Qualcomm has repurchased and retired approximately 29 million shares of its stock during the last two months for approximately US$1.1 billion under its $3 billion stock repurchase program. Some $1.5 billion worth of shares remain authorized for repurchase in future periods, net of put options outstanding, under the stock repurchase program announced on May 22, 2007.
“We are pleased to have repurchased shares at what we believe is a significant discount to the long-term intrinsic value of the company’s businesses,” said Paul E. Jacobs, chief executive officer of Qualcomm. “Our continued business execution, strong balance sheet and positive cash flows enable us to return capital to stockholders while making substantial investments in new technologies and future growth opportunities.”
Since fiscal 2003, Qualcomm has returned $6.3 billion of capital to stockholders — $4 billion through the repurchase of approximately 101 million shares of its common stock.
The stock markets reacted favorably to the buyback. Qualcomm has been struggling after several adverse legal decisions in its patent disputes, and its share prices have reflected those woes: The stock fell 4 percent last month and was down 8.2 percent in August prior to today’s trading session.
On the announcement, though, the company’s shares rose 44 cents to $38.67 — an indication that investors were pleased with the company’s willingness to buy back shares at lower prices, Fred Ruffy, analyst with the investor education firm Optionetics, told the E-Commerce Times.
“In addition, some investors might be reacting to the ‘Plugged In’ column in the latest issue of Barron’s,” he added. “In the article, Mark Ververka speculates that the company might be split in two to unlock some shareholder value.”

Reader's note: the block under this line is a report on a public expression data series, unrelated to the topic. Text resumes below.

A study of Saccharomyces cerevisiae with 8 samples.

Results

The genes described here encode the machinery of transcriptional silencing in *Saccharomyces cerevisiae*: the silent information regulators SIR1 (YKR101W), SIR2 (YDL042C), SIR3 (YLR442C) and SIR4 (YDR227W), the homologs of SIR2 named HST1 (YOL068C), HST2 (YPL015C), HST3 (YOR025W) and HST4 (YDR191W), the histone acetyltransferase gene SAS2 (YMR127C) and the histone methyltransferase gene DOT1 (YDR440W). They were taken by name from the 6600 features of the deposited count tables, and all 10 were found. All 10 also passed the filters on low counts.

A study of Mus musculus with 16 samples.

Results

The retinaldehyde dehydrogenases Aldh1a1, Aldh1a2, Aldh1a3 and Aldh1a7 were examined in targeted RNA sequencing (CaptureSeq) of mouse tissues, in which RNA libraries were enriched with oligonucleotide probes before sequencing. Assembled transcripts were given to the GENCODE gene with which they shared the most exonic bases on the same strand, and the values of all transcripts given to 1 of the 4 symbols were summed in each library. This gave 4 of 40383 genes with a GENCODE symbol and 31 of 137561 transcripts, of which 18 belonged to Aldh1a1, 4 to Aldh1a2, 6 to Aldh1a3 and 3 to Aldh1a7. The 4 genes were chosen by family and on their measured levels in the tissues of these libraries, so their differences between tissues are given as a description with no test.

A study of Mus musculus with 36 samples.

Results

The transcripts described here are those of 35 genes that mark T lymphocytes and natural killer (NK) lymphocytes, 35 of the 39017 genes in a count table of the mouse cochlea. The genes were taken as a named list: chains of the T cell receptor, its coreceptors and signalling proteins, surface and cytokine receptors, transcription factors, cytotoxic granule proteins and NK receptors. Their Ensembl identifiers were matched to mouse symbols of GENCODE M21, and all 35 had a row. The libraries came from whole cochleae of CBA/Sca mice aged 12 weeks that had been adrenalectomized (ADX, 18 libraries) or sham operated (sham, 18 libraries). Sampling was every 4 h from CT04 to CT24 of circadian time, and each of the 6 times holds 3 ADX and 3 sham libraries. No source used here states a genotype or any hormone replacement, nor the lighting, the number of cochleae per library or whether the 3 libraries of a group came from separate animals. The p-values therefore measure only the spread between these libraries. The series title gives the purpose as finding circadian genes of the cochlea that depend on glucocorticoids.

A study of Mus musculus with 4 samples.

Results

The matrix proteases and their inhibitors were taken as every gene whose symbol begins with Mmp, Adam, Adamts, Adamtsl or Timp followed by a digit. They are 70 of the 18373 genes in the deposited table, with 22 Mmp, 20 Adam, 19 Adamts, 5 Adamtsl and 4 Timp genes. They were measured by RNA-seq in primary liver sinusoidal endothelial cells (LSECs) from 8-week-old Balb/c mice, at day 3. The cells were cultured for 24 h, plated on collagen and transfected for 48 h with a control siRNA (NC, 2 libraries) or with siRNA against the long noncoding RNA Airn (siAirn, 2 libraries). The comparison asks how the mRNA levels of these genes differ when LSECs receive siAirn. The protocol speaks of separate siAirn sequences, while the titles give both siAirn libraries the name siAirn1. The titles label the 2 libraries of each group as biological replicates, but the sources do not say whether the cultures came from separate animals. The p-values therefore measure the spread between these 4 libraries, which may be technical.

Qualcomm is still slogging its way through a mire of legal woes and resulting financial problems. In May, a federal jury found not only that Qualcomm’s chips for cell phones violated three patents owned by Broadcom, but also that its infringement was willful — opening the door to a threefold increase in damages over the original $19.6 million awarded.
Earlier this month, a federal judge doubled the damages Qualcomm would have to pay to Broadcom to $39.3 million. That’s not all — a possible injunction still hangs over Qualcomm’s head. In documents filed with the federal court, the company noted that an injunction could cost it $2.4 billion over five years.
Qualcomm is also pushing to have an International Trade Commission ban on future imports of new phone models containing chips it designed overturned. The ITC also found that some of Qualcomm’s chips and chipsets infringed on Broadcom’s patented technology.